Under such circumstances as we just discussed, it is clear that:
- The existence, rights, and dignity of Israel and the Jews are considered to be intertwined to the point that no differentiation between them is possible.
- The existence, rights, and dignity of Israel and the Jews are considered uniquely contingent upon their conduct and whether or not that conduct meets with the approval of the non-Jewish world.
- Because of the beliefs outlined in the previous section, Israeli and Jewish conduct will never meet with the aforementioned approval.
Israel and the Jews are, in essence, held indistinguishable by a court whose proceedings are perpetual and whose verdict is known beforehand.
Under such circumstances, there is no criticism, no evidence for the prosecution, which does not aid in the process of an unjust trial before a monstrous court: Which is not, put simply, antisemitic.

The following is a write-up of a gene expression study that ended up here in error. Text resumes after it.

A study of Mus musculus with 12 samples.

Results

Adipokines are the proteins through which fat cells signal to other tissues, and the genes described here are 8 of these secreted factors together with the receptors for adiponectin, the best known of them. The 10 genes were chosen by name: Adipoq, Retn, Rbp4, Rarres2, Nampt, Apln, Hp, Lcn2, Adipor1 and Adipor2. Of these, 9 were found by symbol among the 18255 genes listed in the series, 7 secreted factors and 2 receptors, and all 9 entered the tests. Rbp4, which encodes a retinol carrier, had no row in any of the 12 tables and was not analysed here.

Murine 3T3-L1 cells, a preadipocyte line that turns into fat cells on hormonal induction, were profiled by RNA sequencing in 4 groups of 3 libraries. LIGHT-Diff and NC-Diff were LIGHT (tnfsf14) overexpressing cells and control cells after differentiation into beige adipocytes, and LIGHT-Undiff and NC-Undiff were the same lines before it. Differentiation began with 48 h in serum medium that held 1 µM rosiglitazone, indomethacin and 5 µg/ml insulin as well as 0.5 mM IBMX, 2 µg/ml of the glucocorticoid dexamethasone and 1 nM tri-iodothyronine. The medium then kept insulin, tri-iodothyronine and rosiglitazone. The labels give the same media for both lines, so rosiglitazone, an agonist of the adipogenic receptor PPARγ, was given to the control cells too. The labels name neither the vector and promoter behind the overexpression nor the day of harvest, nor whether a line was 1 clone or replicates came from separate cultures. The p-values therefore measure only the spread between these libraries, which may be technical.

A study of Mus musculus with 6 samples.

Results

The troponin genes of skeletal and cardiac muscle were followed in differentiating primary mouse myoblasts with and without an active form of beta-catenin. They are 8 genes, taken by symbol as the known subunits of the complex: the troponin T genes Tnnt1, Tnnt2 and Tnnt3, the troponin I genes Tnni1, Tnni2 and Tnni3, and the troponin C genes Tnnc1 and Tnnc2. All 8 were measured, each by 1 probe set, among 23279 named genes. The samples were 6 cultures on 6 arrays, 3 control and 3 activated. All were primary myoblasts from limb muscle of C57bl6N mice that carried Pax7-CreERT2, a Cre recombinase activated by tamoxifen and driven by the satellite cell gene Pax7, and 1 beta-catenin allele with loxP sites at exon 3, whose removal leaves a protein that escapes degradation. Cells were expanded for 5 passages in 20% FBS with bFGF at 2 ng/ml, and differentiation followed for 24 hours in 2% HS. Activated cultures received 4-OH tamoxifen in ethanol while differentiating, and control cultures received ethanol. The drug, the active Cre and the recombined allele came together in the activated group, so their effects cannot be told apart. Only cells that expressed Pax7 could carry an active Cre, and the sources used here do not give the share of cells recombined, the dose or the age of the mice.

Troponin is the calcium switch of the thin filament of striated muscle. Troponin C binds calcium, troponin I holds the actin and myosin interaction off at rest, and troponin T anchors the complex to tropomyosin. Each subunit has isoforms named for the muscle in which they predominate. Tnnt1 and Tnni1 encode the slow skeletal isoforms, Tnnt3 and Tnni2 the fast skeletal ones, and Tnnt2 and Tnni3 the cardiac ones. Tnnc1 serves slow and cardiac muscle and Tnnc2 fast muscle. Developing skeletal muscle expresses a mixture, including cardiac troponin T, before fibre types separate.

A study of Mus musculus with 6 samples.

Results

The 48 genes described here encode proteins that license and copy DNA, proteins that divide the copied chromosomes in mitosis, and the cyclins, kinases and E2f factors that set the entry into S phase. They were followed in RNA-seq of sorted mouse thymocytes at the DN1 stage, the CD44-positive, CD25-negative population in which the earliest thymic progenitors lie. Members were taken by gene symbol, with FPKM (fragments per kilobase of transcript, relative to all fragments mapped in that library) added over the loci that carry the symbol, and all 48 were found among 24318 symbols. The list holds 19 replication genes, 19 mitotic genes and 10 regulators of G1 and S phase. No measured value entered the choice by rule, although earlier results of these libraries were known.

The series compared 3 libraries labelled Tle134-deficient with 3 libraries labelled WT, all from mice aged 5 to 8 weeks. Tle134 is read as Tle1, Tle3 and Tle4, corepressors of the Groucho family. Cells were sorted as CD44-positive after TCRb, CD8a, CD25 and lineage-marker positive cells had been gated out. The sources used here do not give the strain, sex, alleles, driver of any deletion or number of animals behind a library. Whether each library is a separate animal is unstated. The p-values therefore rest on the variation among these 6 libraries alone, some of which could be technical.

Yes, all criticism of Israel is antisemitic. Yes, it is so because of specific historical circumstances. Yes, it is inescapable. Yes, it holds true however well-intentioned such criticism may be. Yes, it holds as true for Jewish as for non-Jewish critics of Israel.
Because it is inescapable, however, there is an ironic solution to it, or at least a possible solution, should critics of Israel be willing to entertain it. It is, as I have already said, a modest imperative: Work toward less antisemitism. This imperative does not demand silence, but it does require a measure of self-reflection that is (and I in no way exempt myself) a task of the most supreme difficulty for us all.